Quinta Del Sordo

Phil Montenegro

Almostina To Goya*

Just then he took off his ears
and set them in the birdcage.
Routine had brought him to draw the curtains,
to enter silence the way water inhabits a freeze,
listening to the voices of his bones
shifting like garden tools in the uneven room.

His eyes sharpened without his raw ears
sometimes like nails in the birdcage,
sometimes like the owl’s unrepentant freeze.
The neighbors talked about him in the laundry room
with the stories they’d assumed from behind the curtains,
troubled that all he ate were shadows and chicken bones.

When he started to paint, the walls made him freeze.
His brushes swung defensively in the uneven room
and all he was given to settle his bones;
an insouciant wink like that of a cat between the birdcage.
The brush had to find one of the wall’s many ears
while the wind came whistling through the curtains.

And just before the wind parsed the curtains,
before the walls rattled their ears,
before the cat tuned its glare through the birdcage,
he, an old man, tightened up his bones,
blew out the candles in the uneven room
and imagined his hands rolling over an ancient frieze.

His hands understood, the way a field understands its hidden bones
something already there in the walls looking past the curtains.
Each room a stanza, each stanza a room.
Only a silence such as this that exalts and frees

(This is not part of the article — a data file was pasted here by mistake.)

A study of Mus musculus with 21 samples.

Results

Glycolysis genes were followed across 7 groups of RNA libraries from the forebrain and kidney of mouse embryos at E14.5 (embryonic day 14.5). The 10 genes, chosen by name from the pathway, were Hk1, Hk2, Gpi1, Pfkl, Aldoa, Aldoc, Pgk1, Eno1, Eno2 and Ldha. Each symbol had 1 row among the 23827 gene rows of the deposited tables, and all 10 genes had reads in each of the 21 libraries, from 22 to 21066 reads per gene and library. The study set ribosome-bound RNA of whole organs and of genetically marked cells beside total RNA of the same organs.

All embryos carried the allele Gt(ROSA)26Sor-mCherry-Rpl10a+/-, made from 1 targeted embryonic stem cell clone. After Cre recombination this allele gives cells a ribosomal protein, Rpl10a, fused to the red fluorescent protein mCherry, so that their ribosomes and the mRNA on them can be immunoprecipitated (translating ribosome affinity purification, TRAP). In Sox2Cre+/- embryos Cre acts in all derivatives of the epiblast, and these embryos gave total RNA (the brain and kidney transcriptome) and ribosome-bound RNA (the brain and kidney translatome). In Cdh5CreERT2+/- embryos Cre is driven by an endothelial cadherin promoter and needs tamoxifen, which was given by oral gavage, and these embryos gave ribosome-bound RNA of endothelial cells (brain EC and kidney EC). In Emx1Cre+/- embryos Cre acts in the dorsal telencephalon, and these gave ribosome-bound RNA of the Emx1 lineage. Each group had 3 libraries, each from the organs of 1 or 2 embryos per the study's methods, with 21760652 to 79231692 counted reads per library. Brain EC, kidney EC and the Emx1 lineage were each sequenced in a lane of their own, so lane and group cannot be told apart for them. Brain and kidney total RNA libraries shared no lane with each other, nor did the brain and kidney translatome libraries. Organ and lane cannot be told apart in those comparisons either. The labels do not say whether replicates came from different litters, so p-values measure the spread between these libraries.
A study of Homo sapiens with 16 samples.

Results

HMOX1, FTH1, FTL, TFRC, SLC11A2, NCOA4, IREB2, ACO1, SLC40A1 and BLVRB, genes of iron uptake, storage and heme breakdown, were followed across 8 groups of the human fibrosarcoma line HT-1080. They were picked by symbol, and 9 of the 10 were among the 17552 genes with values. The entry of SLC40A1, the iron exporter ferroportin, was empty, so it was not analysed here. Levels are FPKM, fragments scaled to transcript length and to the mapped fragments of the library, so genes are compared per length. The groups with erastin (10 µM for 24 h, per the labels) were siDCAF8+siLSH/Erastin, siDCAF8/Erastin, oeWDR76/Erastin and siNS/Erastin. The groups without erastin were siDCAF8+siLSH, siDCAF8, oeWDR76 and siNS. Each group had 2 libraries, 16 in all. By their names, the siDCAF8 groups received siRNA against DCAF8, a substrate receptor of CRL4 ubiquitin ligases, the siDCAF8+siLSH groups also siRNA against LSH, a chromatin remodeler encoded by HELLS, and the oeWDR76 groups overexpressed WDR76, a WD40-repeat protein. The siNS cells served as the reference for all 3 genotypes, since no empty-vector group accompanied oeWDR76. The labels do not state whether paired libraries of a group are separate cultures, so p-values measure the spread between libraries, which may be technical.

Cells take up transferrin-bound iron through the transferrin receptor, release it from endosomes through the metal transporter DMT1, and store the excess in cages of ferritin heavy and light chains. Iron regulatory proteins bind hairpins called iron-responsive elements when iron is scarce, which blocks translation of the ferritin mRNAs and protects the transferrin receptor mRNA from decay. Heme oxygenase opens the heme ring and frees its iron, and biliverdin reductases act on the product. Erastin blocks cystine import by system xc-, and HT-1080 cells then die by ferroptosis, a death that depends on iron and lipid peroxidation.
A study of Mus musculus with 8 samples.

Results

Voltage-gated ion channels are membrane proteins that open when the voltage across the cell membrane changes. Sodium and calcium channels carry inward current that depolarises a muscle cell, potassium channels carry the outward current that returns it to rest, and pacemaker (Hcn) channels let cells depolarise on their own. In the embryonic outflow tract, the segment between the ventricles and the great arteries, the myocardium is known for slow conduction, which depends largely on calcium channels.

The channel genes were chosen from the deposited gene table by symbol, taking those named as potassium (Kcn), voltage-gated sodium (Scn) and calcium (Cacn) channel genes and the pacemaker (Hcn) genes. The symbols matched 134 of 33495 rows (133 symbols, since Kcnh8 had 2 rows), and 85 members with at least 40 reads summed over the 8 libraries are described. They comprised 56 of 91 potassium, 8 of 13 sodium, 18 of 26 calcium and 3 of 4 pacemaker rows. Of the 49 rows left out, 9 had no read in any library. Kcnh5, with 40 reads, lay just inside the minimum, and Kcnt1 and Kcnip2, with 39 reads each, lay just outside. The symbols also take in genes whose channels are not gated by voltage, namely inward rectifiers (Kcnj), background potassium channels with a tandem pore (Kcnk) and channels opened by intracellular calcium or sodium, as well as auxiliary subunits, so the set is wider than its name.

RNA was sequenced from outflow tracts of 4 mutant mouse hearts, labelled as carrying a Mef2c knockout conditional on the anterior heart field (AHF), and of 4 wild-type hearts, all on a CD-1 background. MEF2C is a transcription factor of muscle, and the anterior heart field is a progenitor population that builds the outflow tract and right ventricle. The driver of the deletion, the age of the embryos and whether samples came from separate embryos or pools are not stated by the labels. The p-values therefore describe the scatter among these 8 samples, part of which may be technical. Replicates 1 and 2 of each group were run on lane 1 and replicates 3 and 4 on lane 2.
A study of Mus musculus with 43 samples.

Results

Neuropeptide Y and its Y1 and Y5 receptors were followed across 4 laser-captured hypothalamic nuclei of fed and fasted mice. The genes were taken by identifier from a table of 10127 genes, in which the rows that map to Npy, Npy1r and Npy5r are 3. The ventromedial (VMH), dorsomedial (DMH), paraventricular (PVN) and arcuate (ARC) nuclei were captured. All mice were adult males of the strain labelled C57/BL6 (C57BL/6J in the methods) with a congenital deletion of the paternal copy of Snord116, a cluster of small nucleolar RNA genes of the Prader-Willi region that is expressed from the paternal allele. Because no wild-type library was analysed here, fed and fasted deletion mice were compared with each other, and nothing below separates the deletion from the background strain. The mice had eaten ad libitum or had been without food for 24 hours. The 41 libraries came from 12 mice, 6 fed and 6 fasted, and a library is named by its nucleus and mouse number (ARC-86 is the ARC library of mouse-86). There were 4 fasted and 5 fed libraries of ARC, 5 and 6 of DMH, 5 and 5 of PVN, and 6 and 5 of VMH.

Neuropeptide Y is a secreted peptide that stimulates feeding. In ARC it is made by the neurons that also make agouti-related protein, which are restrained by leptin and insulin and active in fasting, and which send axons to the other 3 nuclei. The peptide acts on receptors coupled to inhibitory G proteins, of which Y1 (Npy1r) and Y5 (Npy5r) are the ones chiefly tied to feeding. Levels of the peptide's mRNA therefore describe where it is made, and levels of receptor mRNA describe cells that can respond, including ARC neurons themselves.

could have allowed him to paint beyond his burred cage
and so, he began his assault on the barren plaster year after year.

Until all at once he lay down his brushes and made room,
a tired old man standing on the last hinge of his bones,
shaken by what had been wild and fierce, but taught to freeze
and still never froze, even after he’d tucked back the curtains
and disassembled the wicker of the birdcage,
waiting for the slow approach of wheat and its spike of ears.

By the end the walls were stark as bones
again and the old man left alone in his room.

*The almostina does not follow the same rigors of the traditional sestina. Six end words are repeated, though not in the common lexical pattern, but instead placed where and when the author chooses. In addition, the envoi is shorter and does not contain all six end words from the preceding stanzas. In truth, the author messed up and invented a form to hide his mistake.